HIDALGO, RGV – For the first time ever, the cities of Hidalgo and Reynosa are to sign a formal sister city agreement.

The document will be signed by mayors José Elías Leal of Reynosa and Martin Cepeda of Reynosa in the middle of the Hidalgo-Reynosa International Bridge on the morning of March 3, as a kickoff to the City of Hidalgo’s BorderFest celebrations.

Martin Cepeda
Martin Cepeda

The traditional abrazo between the mayors of Hidalgo and Reynosa will take place in the middle of the international bridge at 9:45 a.m. on March 3, followed immediately afterwards by the sister city signing ceremony. Mayors Elías Leal and Cepeda will then walk with their families and other dignitaries to the downtown plaza in Reynosa for food, music and dancing.

“We have never done this before, sign a sister city agreement with our friends and neighbors in Reynosa. It has never been documented. Before it was just word of mouth,” Mayor Cepeda told the Rio Grande Guardian.

Asked why it is important, Cepeda said: “We think it is important to formalize our relationship. We have a lot in common, we have our bridge that unites us. We have industrial ties, we have commercial ties, we have family, we have culture. Whatever is working on their side, even though it is a bigger city, it has to be good for our side. Whatever works on our side, is also good for Reynosa.”

Cepeda made his comments at the end of a news conference held to announce the lineup for this year’s BorderFest. This year Hidalgo celebrates the 40th anniversary of the festival, which is held on the grounds of the State Farm Arena in Hidalgo. In the past the event has drawn over 85,000 people from across South Texas, Tamaulipas and Nuevo León.

Prisciliano ‘J.R.’ Treviño
Prisciliano ‘J.R.’ Treviño

Confusion was caused last month when the non-profit BorderFest Association, which had been running the festival, said it would be staging BorderFest in McAllen. A state district judge stopped this from happening by approving a temporary restraining order brought by the City of Hidalgo. And so, for now at least, BorderFest remains in Hidalgo.

“This year we are celebrating our 40th year. Hopefully next year we will be celebrating our 41st. It is a very popular festival that was born in Hidalgo and needs to stay in Hidalgo,” Cepeda said.

Prisciliano ‘J.R.’ Treviño is executive director of Hidalgo Economic Development Corporation. Treviño told the Rio Grande Guardian that Hidalgo cannot afford to lose BorderFest.

“The festival is a huge economic boon for our city. Visitors use our convenience stores, they stay in our hotels, they eat at the few restaurants we have, they shop at Walmart. BorderFest is very advantageous to Hidalgo. The great thing this year is that we will show good revenues coming in. The money will not be going to somebody else, it is not going to the chamber or some association. It is coming back to the taxpayers of Hidalgo.”

A new feature for this year’s festival, Treviño said, is a shuttle service that will take Mexican visitors who walk across the international bridge to the State Farm Arena grounds.

Maintaining BorderFest will help boost Hidalgo’s prestige and add to the economic development projects the EDC is working on, Treviño said. “We are working on some retail projects around the Walmart area, also, potentially, a medical emergency room. We have a couple of apartment units, 140 units, coming. These kinds of things are a big boon for a city of our size.”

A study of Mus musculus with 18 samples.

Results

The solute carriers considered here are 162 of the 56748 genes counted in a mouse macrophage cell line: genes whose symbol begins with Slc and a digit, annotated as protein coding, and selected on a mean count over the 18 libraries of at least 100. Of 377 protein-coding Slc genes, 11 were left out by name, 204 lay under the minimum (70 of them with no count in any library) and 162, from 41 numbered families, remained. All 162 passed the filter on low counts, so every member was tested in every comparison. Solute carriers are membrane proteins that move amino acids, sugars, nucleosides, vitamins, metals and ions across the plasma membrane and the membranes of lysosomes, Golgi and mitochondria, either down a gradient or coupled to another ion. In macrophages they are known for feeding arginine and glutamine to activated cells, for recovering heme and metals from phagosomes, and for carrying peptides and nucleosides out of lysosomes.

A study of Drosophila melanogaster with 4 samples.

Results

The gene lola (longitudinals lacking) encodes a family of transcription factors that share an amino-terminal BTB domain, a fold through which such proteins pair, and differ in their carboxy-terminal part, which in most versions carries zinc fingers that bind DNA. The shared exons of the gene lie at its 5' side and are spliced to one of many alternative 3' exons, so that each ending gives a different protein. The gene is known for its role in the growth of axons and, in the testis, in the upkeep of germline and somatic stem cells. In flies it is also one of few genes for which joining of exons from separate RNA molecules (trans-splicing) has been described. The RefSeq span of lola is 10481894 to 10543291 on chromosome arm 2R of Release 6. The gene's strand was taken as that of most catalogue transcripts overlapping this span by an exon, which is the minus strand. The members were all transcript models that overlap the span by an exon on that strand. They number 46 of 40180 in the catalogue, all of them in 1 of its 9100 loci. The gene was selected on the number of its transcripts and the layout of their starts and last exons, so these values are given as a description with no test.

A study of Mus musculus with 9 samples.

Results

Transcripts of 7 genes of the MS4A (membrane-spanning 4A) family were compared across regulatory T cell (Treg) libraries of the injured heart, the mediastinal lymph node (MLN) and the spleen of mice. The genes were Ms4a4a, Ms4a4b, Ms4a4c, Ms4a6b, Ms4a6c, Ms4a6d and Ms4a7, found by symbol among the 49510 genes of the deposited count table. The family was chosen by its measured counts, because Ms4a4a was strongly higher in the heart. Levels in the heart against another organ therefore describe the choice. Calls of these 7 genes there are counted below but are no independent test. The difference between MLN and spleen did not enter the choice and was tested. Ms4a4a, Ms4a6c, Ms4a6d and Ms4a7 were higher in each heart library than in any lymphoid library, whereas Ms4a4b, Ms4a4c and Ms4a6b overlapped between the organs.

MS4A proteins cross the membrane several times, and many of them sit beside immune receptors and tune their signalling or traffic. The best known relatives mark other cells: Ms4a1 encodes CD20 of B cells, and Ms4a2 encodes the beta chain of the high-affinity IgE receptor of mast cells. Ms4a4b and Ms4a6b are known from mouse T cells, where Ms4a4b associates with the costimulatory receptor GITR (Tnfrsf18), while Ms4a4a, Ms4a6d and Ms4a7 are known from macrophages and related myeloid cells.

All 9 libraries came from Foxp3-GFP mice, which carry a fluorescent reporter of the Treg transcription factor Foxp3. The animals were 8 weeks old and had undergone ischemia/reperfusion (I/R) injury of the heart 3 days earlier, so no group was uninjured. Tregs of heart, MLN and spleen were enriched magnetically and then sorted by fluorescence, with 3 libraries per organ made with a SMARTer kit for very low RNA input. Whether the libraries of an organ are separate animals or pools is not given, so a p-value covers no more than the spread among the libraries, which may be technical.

Like Cepeda, Treviño said city leaders are working very hard to make this year’s BorderFest a great success because they know there will be more scrutiny, more spotlight on their operations. They believe they have shown goodwill by lowering ticket prices and agreeing to donate $1 from every ticket sold to St. Jude’s Children’s Hospital.

“There was a lot of misinformation in the media that if McAllen did not stage the event there would be no BorderFest. We have been planning this festival since October of last year. McAllen should have backed off,” Treviño told the Rio Grande Guardian.

“Fortunately, we won the TRO (temporary restraining order) and we will fight them (the BorderFest Association) again in September when the case comes up again. I am very confident we will win because this has been a Hidalgo festival from the beginning. We have pumped in a lot of money into it every year. Our residents have volunteered their time for free. They have a great emotional investment in this. This is their festival.”

Shalimar Madrigal
Shalimar Madrigal

Shalimar Madrigal, marketing consultant for BorderFest, said this year’s musical lineup will include reggaetón icon Wisin, Luis Coronel, Ana Gabriel, Voz de Mando, Poder del Norte, Siggno, Pee Wee, Yahir, Ramon Ayala, and Traileros del Norte. Coronel has been appointed this year’s BorderFest Ambassador of Goodwill.

Madrigal said the Mayor and Ambassador’s dinner honoring the RGV Walk of Fame inductees will be held Thursday, March 3, starting at 7 p.m. Each Valley city nominates two people a year for induction into the Walk of Fame.

Madrigal said the main carnival and parade will be held Friday, March 4, starting at 6:30 p.m. The parade always draws lots of students from Hidalgo and Valley View schools and from various schools in Reynosa. CBS 4 News will broadcast the parade live, Madrigal said.

“We have worked very hard to bring this event to the Rio Grande Valley. It is three days of fun family entertainment. It is under new management, we have lowered our prices, we have made it possible for families to come together and have a good time,” Madrigal said.

For more information on BorderFest click here.

Editor’s Note: The main image accompanying this story was provided by Periodico USA. It shows mayors Martin Cepeda of Hidalgo and José Elías Leal of Reynosa at the 2014 Abrazo event on the Hidalgo-Reynosa International Bridge.